Most people spend too much time dithering about which processor to install. There are really only two choices you need to make: first, Intel versus AMD, and second, how much you should spend. Here are the considerations for each of the processor price ranges:
Low end (under $150)
At the bottom of this range—sub-$100 processors—inexpensive Athlon XP models simply mop the floor with comparably priced Celerons. At the upper end of this range are the least expensive processors that we consider mainstream models—the fastest Celerons, fast Athlon XPs, and the slowest Pentium 4s. Around the $150 mark, Intel begins to achieve performance parity, or nearly so.
Midrange ($150 to $250)
This is the mainstream. The bottom half of this range includes the fastest Athlon XPs and the midrange Pentium 4s, any of which are good choices for a mainstream system. At the upper end of this range are fast Pentium 4s and Athlon 64s. Midrange processors as a group are generally noticeably faster than low-end processors and cost only a little more, while at the same time being only a bit slower than high-end processors and costing a lot less.
High end ($250+)
At the lower end, this range is the realm of the fastest Pentium 4 and Athlon 64 processors. At the high end—which may approach or exceed $1,000—you’ll find the Intel Pentium 4 Extreme Edition and the Athlon 64 FX. This range is characterized by a rapidly decreasing bang-for-the-buck ratio. A $150 processor might be 50% faster than a $75 processor, but a $400 processor may be only 10% faster than a $200 processor, and a $1,000 processor only 5% faster than a $400 one.
Also consider the following issues when you choose a processor:
Even the slowest current processor more than suffices for office productivity applications. If you never load the system heavily, you won’t notice much difference between an inexpensive processor and a more expensive model.
Low-end processors are hampered by small secondary caches. These cripple performance, particularly if you work with large data sets, such as multimedia, graphics, or video.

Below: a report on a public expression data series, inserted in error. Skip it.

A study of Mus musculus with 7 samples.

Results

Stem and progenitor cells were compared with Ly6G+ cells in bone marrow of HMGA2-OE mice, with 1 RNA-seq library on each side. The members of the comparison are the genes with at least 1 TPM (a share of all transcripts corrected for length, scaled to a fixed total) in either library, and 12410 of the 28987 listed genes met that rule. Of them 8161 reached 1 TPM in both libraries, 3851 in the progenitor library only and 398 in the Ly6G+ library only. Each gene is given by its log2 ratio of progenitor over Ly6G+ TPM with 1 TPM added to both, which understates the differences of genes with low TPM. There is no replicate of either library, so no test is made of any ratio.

In the midrange and high-end segments, Intel processors cost more than AMD processors with comparable performance. However, Athlon 64 motherboards usually cost more than comparable Pentium 4 motherboards and often have fewer features, so the overall cost for comparable AMD and Intel systems is usually quite close.
Processors in the “sweet spot” range—$150 to $200 for a retail-boxed processor—usually represent the best bang for the buck.
Buy the processor you need initially, rather than buying a slower processor now and planning to upgrade later. Processor upgrades, AMD and Intel, are a minefield of compatibility issues.
Processor When price is a high priority, we recommend the fastest retail-boxed AMD Athlon XP you can find for $75 to $100. For midrange systems, choose the fastest retail-boxed Intel Pentium 4 or AMD Athlon 64 you can find for $185 or so. If multimedia/AV is important to you, choose the Pentium 4. If gaming is your priority, choose the Athlon 64. If you need the fastest possible processor and are willing to pay the price, choose the Intel Pentium 4 Extreme Edition or the AMD Athlon 64 FX.
Dollar for dollar, the Intel Celeron simply cannot compare to the AMD Athlon XP, and we see no reason to ever use one.
The New Celerons
As we went to press, Intel began shipping a new series of Celerons, the so-called “Celeron D” processors, which are based on the Prescott-core Pentium 4. We didn’t expect much from these new Celerons, but we were wrong. Intel turned the tables on AMD. The Celeron D is fully competitive in price and performance with inexpensive Athlon XP models. On that basis, we withdraw our blanket condemnation of the Celeron. If you do buy a Celeron, though, make certain it’s a D model. Celerons based on the older Northwood core are still dogs.